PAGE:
The exact cause of thyroid cancer is not known. Similar to how other cancer forms develop, changes in the DNA of cells is responsible for the development of thyroid cancer. These alterations could either be genetically inherited or occur over a period of time. But, it is well established that cancer is not contagious.
Exposure to radiation increases one's chances of getting thyroid cancer. A mere dental X-ray, however, does not increase the chances of developing thyroid cancer, but a radiation therapy to the head, neck or chest surely does.
There has been significant amount of research to understand DNA changes that become cancerous. Most cancers are not inherited, which means that DNA gets damaged by the exposure to something in the environment such as radiation or smoke during the course of one's life. The cancer may also occur when unexpected changes take place inside a cell without a specific external cause.
The following are the prominent risk factors for thyroid cancer:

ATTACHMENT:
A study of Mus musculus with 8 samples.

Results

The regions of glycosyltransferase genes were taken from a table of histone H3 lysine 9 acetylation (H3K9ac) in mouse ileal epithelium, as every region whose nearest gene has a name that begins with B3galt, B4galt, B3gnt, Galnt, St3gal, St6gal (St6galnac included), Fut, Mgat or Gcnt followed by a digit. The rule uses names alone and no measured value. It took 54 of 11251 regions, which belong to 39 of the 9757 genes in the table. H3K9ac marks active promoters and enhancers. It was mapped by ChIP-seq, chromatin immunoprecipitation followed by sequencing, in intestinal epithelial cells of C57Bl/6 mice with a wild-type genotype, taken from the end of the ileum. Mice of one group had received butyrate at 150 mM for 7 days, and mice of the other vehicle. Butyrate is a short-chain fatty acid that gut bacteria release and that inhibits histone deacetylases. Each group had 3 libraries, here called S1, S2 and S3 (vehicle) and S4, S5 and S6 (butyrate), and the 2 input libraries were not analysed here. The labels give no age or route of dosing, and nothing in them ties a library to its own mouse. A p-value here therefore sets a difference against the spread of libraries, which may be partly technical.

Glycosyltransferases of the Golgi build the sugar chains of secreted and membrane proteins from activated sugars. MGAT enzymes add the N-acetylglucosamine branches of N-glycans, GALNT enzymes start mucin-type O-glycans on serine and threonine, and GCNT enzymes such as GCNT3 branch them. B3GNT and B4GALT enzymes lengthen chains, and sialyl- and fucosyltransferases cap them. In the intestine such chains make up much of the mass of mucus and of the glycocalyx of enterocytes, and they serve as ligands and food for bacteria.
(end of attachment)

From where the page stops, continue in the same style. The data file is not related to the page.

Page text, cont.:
Thyroid conditions i.e., either underactive or overactive thyroid are not related to the risk of thyroid cancer in any way, however, non-cancerous conditions such as nodules (adenomas), goitre (an enlarged thyroid) and thyroiditis (inflammation of the thyroid) increase thyroid cancer risk.
Thyroid cancer is more likely to develop in individuals who have had radiotherapy treatments at a tender age, though the cancer usually develops years later. Survivors of atomic explosions or accidents are also at an increased risk of developing thyroid cancer. Individuals with low levels of iodine in their body are at more risk of thyroid cancer after any exposure to radiation.
Individuals with a family history of thyroid cancer are at a higher risk of developing thyroid cancer.
Familial adenomatous polyposis (FAP), a condition caused by an inherited gene, increases the chances of developing thyroid cancer.
Women with non-cancerous breast conditions are at increased risk of thyroid cancer.
Individuals who have been treated for breast cancer, oesophageal cancer, testicular cancer or non Hodgkin's lymphoma have high risk of developing thyroid cancer.
These are the possible risk factors for thyroid cancer suggested by research reports over the years. Although thyroid cancer is a rare form of cancer, it is favourable to be aware about its symptoms and treatment options for better prognosis.